Is there a catch or is this a good news story?
The removal of the first time home buyers grant for existing homes makes it so much more difficult to buy your first property.....this $5000 will help with the stamp duty.
Credit Union SA launches $5000 grant for first homebuyers
May 1, 2016 1:49pmTOM BOWDENISABELLA FOWLERThe Advertiser
Matt Axford and Ellie Meich are looking to buy their first home and say they will benefit from the grant. Pic: Tait Schmaal
“This is the biggest purchase that most of us will ever make, and our $5000 first-homebuyers’ grant allows people to be informed and in control of this major investment decision in the property market,” Mr Strawbridge said.
“The first-homebuyer segment represents about 15 per cent of all loan settlements in South Australia annually, and this ongoing opportunity offers this group a practical way to help them into their own home.”
Mr Strawbridge said the changing conditions of South Australia’s first homeowner grants in 2014 had made home ownership harder for would-be buyers.
State Government first-homeowner grants of up to $15,000 exist for buyers of new homes in SA but grants for the purchase of established homes were abolished in 2014.
Credit Union SA’s $5000 grant applies to South Australian home buyers taking out a mortgage of at least $200,000, who have never owned a property in Australia before.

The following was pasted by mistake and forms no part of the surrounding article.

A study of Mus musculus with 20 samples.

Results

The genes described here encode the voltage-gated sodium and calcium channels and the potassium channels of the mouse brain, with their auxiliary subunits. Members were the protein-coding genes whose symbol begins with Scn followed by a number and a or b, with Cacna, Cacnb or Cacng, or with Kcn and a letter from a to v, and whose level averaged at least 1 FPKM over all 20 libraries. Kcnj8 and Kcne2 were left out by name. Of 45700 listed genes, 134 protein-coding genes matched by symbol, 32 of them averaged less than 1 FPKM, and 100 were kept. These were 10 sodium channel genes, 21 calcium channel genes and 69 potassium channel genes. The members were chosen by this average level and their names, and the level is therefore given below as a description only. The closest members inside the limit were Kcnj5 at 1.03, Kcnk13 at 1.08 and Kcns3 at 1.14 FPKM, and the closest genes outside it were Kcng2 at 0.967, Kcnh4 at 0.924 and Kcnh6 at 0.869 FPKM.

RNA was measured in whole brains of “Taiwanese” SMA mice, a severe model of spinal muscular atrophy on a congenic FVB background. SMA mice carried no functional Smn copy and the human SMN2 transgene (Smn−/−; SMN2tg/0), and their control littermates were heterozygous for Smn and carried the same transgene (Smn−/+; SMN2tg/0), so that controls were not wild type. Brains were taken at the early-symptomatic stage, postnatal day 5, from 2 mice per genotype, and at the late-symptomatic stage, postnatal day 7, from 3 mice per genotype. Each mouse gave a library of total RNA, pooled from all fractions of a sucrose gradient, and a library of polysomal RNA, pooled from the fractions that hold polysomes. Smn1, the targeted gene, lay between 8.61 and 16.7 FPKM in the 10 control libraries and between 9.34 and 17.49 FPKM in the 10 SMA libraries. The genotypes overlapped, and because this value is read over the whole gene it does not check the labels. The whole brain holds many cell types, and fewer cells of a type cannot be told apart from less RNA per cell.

“It’s very difficult to get into the market and we feel this will be a good start for people to get in and buy their first home and we think it will strengthen the state as well because getting more people into the housing market and spending, developing and growing, it’s got to be good for everybody,” Mr Strawbridge said.
Real Estate Institute of South Australia chief executive officer Greg Troughton praised the initiative.
“I love it when the providers of funds for buying houses get creative with their marketing and I think that’s a wonderful initiative,” Mr Troughton said.
“It will be interesting to see how it gets picked up by the general community.”
Mr Troughton said he hoped the offer would create competition among lenders, which in turn would increase buyer competition in the marketplace.
“With all things being equal not only would the Real Estate Institute be quite happy with that sort of activity going on, but so would the Treasurer no doubt,” Mr Troughton said.
Mr Troughton said widespread adoption of the grant had the potential to greatly benefit Adelaide’s suburbs and regional areas.
“This means people can look far and wide and I look forward to seeing what competition comes out of this because it sounds like a wonderful initiative,” Mr Troughton said.
“I am pleased to see the banking fraternity, and on this occasion credit unions, are showing the leadership that is sadly lacking when it comes to Government of all persuasions in regards to getting people in homes,” Mr Troughton said.
“It’s good that the credit providers are willing to step up where government has failed.”
For home hunters Matt Axford, 24, and Ellie Meich, 21, who are searching for a property to renovate in the western suburbs, the $5000 bonus has provided peace of mind.
“We’ve become much more serious about looking with the grant, it seemed a bit daunting without it,” Mr Axford said.
“Houses are getting more and more expensive, and with fulltime work, study and wanting to maintain a social life it’s hard to save up enough. The grant just takes some of the pressure off, and means we can aim a bit higher for a property that will be a good investment for the future.”